Vandetanib is an oral tyrosine kinase inhibitor approved for treatment of advanced symptomatic or progressive medullary thyroid cancer (MTC). The current study (Nbib1496313) evaluated the benefit–risk of two starting doses of vandetanib in patients with symptomatic or progressive MTC. Patients were randomized 1:1 to receive vandetanib 150 or 300 mg daily and followed for a maximum of 14 months (Part A), with the option to then enter an open-label phase (Part B) investigating vandetanib 100, 150, 200 and 300 mg daily doses. Efficacy was assessed in Part A, and safety and tolerability during Parts A and B up to 2 years post randomization. Eighty-one patients were randomized in Part A and 61 patients entered Part B, of whom 37 (60.7%) received 2 years of treatment. Overall, 25% of patients experienced an objective response (OR) at 14 months (OR rate, 0.29 (95% CI, 0.176–0.445) for 300 mg, and 0.20 (95% CI, 0.105–0.348) for 150 mg; one-sided P value approximately 0.43). The most common adverse events (AEs) included diarrhea, hypocalcemia, asthenia, QTc prolongation, hypokalemia and keratopathy, all at generally higher incidence with 300 vs 150 mg (Part A). Part B safety and tolerability was consistent with Part A. OR was observed with both vandetanib doses; the 300 mg dose showed a more favorable trend vs 150 mg as initial dose. Thus, for most patients, 300 mg vandetanib is the most appropriate starting dose; dose reductions to manage AEs and lower initial doses for patients with particular comorbidities can be considered.
Mimi I Hu, Rossella Elisei, Marek Dedecjus, Aron Popovtzer, Maralyn Druce, Ellen Kapiteijn, Furio Pacini, Laura Locati, Jolanta Krajewska, Richard Weiss and Robert F Gagel
Paola Romeo, Carla Colombo, Roberta Granata, Giuseppina Calareso, Ambra Vittoria Gualeni, Matteo Dugo, Loris De Cecco, Maria Grazia Rizzetti, Angela Zanframundo, Antonella Aiello, Maria Luisa Carcangiu, Annunziata Gloghini, Stefano Ferrero, Lisa Licitra, Angela Greco, Laura Fugazzola, Laura Deborah Locati and Maria Grazia Borrello
This study aimed to identify circulating miRNAs as novel non-invasive biomarkers for prognosis and vandetanib response in advanced medullary thyroid cancer (MTC) patients. We prospectively recruited two independent cohorts of locally advanced/metastatic MTC patients including a subgroup of vandetanib-treated subjects: a discovery cohort (n = 20), including matched plasma/tissue samples (n = 17/20), and a validation cohort, yielding only plasma samples (n = 17). Plasma samples from healthy subjects (n = 36) and MTC patients in remission (n = 9) were used as controls. MTC (n = 17 from 8 patients included in discovery cohort) and non-neoplastic thyroid specimens (n = 3) were assessed by microarray profiling to identify candidate circulating miRNAs. qRT-PCR and in situ hybridization were carried out to validate the expression and localization of a selected miRNA within tissues, and qRT-PCR was also performed to measure miRNA levels in plasma samples. By microarray analysis, we identified 51 miRNAs differentially expressed in MTC. The most overexpressed miR, miR-375, was highly expressed by C cells compared to other thyroid cells, and more expressed in MTC than in reactive C-cell hyperplasia. MTC patients had significantly higher miR-375 plasma levels than healthy controls (P < 0.0001) and subjects in remission (P = 0.0004) as demonstrated by qRT-PCR analysis. miR-375 plasma levels were not predictive of vandetanib response, but, notably, high levels were associated with significantly reduced overall survival (HR 10.61, P < 0.0001) and were a strong prognostic factor of poor prognosis (HR 6.24, P = 0.00025) in MTC patients. Overall, our results unveil plasma miR-375 as a promising prognostic marker for advanced MTC patients, to be validated in larger cohorts.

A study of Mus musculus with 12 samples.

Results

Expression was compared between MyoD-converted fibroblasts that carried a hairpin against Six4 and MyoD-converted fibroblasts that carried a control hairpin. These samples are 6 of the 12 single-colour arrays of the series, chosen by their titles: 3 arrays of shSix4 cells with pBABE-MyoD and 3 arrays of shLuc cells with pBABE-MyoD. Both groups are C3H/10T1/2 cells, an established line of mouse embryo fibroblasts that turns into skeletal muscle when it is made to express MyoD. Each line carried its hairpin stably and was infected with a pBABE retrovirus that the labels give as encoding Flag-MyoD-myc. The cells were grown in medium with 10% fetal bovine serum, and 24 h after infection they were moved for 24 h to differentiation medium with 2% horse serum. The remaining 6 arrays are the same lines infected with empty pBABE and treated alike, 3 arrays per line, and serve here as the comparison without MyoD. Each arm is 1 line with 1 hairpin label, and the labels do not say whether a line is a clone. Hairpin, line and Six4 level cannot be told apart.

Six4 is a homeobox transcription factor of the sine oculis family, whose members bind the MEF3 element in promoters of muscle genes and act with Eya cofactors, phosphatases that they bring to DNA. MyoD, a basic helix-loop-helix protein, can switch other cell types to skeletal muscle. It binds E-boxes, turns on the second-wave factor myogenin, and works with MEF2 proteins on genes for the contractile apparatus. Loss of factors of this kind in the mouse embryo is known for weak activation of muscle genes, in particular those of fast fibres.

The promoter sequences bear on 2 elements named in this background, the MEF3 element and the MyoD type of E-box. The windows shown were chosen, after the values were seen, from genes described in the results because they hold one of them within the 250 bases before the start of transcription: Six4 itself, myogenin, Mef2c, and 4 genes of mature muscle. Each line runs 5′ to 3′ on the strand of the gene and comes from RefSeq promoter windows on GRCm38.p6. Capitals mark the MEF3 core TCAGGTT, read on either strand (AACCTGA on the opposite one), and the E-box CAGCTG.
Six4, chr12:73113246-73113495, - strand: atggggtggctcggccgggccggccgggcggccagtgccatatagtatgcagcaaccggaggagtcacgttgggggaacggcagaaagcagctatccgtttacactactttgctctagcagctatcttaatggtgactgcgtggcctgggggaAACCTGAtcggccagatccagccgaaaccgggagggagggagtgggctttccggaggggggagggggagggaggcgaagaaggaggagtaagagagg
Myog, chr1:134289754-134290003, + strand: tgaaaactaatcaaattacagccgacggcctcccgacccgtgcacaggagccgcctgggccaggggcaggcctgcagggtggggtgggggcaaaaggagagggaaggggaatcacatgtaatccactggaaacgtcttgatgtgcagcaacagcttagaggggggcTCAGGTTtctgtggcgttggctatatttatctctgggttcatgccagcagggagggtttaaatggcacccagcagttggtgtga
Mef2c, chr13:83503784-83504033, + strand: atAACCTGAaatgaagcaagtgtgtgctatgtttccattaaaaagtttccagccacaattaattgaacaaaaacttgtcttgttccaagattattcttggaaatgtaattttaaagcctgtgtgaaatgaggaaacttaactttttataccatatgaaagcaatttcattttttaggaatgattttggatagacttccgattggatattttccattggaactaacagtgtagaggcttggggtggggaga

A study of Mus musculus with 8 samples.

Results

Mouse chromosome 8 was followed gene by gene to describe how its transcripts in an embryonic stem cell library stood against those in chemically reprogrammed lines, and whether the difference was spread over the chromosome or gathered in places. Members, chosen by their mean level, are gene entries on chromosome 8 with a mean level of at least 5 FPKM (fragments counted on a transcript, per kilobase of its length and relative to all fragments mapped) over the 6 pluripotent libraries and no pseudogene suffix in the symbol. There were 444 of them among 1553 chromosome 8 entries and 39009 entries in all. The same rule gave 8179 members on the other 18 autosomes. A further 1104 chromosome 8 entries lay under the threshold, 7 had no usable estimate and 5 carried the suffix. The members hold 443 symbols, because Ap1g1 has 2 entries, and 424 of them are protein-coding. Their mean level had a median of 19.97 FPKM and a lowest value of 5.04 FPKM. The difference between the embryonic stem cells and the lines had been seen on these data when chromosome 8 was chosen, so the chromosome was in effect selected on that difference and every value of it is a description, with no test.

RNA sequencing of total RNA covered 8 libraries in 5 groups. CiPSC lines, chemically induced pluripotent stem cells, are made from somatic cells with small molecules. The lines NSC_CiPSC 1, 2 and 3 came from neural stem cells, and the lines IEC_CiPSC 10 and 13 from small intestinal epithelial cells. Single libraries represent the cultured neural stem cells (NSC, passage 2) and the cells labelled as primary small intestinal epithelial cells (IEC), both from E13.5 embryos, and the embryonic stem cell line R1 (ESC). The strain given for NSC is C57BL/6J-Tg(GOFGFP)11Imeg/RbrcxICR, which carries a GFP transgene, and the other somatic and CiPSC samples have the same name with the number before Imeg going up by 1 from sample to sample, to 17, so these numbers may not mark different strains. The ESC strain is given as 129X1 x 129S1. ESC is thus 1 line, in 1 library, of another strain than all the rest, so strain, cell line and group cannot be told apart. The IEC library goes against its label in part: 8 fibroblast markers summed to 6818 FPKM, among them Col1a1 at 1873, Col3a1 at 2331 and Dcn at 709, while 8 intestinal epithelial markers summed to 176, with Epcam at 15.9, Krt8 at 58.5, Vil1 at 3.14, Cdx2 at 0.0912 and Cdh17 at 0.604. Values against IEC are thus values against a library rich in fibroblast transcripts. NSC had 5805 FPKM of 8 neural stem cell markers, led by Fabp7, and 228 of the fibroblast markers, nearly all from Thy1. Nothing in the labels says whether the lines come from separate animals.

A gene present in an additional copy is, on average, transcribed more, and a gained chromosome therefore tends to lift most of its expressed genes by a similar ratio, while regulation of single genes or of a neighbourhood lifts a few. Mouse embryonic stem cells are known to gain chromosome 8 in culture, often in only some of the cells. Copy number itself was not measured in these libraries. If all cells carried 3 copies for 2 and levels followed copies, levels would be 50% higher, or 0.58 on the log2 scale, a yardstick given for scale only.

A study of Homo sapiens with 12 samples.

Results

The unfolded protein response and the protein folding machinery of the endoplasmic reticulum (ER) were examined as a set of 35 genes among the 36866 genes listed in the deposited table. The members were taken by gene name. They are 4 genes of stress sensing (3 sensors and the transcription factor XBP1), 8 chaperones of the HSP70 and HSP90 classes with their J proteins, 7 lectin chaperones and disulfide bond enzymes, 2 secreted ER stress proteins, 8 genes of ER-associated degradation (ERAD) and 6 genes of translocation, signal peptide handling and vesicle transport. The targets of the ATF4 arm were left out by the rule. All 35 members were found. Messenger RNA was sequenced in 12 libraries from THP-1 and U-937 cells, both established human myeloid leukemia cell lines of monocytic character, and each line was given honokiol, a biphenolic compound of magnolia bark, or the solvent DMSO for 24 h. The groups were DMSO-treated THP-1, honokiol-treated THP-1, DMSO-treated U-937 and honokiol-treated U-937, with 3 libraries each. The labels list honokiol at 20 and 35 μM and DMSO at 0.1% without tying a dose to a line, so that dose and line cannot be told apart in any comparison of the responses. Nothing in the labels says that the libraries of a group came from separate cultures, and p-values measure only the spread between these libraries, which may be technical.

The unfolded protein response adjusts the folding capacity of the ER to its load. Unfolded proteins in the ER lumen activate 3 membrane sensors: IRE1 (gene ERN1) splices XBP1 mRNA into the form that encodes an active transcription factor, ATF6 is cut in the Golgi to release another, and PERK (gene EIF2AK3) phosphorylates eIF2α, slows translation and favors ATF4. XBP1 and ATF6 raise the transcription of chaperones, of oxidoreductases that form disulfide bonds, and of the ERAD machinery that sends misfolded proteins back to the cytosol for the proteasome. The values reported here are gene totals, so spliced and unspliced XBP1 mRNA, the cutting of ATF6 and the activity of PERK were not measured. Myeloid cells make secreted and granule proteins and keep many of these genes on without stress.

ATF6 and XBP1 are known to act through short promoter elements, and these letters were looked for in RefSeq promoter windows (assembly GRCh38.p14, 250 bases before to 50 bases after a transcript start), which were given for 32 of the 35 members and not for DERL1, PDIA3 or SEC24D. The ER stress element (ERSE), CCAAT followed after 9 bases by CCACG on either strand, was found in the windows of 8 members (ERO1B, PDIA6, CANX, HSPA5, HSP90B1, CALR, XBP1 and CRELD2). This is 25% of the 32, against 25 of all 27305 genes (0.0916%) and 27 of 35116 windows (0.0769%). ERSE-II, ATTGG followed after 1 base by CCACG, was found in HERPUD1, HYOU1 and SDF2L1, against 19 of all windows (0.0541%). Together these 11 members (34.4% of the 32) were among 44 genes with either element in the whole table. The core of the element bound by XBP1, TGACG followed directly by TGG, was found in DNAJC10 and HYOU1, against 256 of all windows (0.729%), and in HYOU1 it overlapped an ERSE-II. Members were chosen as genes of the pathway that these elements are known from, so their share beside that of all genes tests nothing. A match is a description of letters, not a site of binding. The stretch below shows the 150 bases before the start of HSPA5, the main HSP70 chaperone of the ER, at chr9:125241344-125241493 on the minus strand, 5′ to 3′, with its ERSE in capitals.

Susanne Singer, Susan Jordan, Laura D Locati, Monica Pinto, Iwona M Tomaszewska, Cláudia Araújo, Eva Hammerlid, E Vidhubala, Olga Husson, Naomi Kiyota, Christine Brannan, Dina Salem, Eva M Gamper, Juan Ignacio Arraras, Georgios Ioannidis, Guy Andry, Johanna Inhestern, Vincent Grégoire, Lisa Licitra and on behalf of the EORTC Quality of Life Group, the EORTC Head and Neck Cancer Group, and the EORTC Endocrine Task Force
The purpose of the study was to pilot-test a questionnaire measuring health-related quality of life (QoL) in thyroid cancer patients to be used with the European Organisation for Research and Treatment of Cancer (EORTC) core questionnaire EORTC QLQ-C30. A provisional questionnaire with 47 items was administered to patients treated for thyroid cancer within the last 2 years. Patients were interviewed about time and help needed to complete the questionnaire, and whether they found the items understandable, confusing or annoying. Items were kept in the questionnaire if they fulfilled pre-defined criteria: relevant to the patients, easy to understand, not confusing, few missing values, neither floor nor ceiling effects, and high variance. A total of 182 thyroid cancer patients in 15 countries participated (n = 115 with papillary, n = 31 with follicular, n = 22 with medullary, n = 6 with anaplastic, and n = 8 with other types of thyroid cancer). Sixty-six percent of the patients needed 15 min or less to complete the questionnaire. Of the 47 items, 31 fulfilled the predefined criteria and were kept unchanged, 14 were removed, and 2 were changed. Shoulder dysfunction was mentioned by 5 patients as missing and an item covering this issue was added. To conclude, the EORTC quality of life module for thyroid cancer (EORTC QLQ-THY34) is ready for the final validation phase IV.